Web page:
Business owners clean, assess damage

Published 10:43 pm Monday, November 16, 2009

After nearly a week of dreary, wet weather, business owners in the Kimberly area adjacent to the Nansemond River in Downtown Suffolk were starting to clean and assess the damage to their flooded buildings on Monday.

“The water was up to my knees coming to the door Thursday,” said Jay Jones, co-owner of Tire Store Two on North Main Street. Jones pointed out two water lines on the building’s interior walls — one from Thursday morning and a much higher one from Friday night.

The counter inside the tire store was stacked Monday with ruined receipt books, business cards, invoices and credit card receipts. Brand-new tires covered with mud and dirt were stacked throughout the store.

“Luckily, we didn’t have any damage to our equipment,” Jones said. “The biggest loss was paper stuff.”

Jones and his business partner, James Everette, found water about a foot high in the store upon arriving Thursday morning. The back lot floods regularly during rain, Jones said, but the water gets into the store only during extended periods of rain, such as hurricanes.

When Jones got to work Friday morning, he was surprised to find no standing water in the store — a result of the low tide. But by Friday night, water was waist-deep in the store when high tide hit the nearby Nansemond River.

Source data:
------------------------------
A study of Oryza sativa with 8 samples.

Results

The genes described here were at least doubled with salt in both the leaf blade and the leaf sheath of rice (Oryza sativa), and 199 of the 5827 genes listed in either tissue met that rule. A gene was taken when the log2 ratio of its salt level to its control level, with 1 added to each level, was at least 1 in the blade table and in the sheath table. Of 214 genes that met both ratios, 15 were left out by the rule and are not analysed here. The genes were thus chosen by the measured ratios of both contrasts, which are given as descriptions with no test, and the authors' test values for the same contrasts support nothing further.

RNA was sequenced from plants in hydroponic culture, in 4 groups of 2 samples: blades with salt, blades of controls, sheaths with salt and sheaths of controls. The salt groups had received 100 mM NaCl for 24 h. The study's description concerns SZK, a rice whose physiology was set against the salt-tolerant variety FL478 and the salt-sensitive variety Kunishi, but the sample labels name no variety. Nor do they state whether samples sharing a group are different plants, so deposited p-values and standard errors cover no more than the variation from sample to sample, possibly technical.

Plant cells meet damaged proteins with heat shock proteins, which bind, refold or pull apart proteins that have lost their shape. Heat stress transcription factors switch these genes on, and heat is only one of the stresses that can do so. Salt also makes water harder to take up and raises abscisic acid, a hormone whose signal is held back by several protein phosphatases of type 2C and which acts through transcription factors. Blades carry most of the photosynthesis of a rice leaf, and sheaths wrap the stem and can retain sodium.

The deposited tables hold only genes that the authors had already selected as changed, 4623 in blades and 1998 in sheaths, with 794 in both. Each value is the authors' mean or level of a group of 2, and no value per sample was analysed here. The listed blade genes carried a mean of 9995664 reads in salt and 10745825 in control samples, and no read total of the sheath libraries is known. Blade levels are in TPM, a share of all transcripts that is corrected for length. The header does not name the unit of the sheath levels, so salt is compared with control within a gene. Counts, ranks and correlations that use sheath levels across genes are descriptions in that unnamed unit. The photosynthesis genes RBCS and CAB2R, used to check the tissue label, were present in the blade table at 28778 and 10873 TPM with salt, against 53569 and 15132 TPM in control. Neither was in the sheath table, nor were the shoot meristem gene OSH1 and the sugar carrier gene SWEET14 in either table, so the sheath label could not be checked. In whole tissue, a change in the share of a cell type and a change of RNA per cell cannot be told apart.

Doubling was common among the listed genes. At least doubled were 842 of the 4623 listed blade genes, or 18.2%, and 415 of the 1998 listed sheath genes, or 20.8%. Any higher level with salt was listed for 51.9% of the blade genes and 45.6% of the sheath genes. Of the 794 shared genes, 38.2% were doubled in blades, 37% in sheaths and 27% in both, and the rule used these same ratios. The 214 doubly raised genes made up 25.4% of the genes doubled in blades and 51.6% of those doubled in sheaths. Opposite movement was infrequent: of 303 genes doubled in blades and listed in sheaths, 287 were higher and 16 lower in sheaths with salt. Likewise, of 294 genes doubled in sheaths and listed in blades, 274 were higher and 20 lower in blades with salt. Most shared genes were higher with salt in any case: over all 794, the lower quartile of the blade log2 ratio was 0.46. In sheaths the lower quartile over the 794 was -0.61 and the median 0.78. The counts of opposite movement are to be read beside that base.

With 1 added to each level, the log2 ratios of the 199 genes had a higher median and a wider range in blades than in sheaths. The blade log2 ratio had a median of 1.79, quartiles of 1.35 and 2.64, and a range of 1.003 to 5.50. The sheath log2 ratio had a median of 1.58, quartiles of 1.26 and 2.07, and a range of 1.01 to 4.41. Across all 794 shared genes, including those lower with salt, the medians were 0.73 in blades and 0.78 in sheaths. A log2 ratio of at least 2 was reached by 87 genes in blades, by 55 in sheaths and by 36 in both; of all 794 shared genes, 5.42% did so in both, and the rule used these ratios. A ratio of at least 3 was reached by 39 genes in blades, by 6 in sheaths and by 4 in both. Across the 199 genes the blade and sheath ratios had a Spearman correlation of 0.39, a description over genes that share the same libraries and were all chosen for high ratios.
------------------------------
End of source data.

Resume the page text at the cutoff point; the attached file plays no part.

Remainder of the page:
By Saturday morning, the waters had receded for good, leaving piles of tires near the entryways where the water had flowed out, dragging the tires with it until the last possible second. The walls of the store are scuffed with tire markings and dirt.

Nearby, Major Signs owner Charlie Dick has been through floods in his shop before. During a remodel about five years ago, he used treated wood in the floors and opted for plywood walls, instead of sheetrock, to minimize flood damage.

His decisions — plus hours spent on Wednesday moving materials off the floor — paid off last week.

“You never know when it’s going to happen again,” Dick said. Only about two inches of water came into his office space last week, and that didn’t do any major damage. He simply mopped and vacuumed up the water and cleaned and disinfected the floors and walls.

The shop in back of the office, however, was a different story. Being closer to the river, it had about 18 inches of water in it last week, Dick said, but was up and running again Monday.

Other businesses in the area also received damage. The Texaco service station and nearby gas station had about three feet of water standing in each, and workers were in the process of cleaning up Monday. The Sapporo Japanese Steak House had a sign on the door Monday turning would-be diners away due to flood damage.

Clean-up workers at the Wendy’s on the east side of the road were at the eatery Monday pumping water out of the restaurant’s kitchen. No employees were there, and the restaurant is closed until further notice.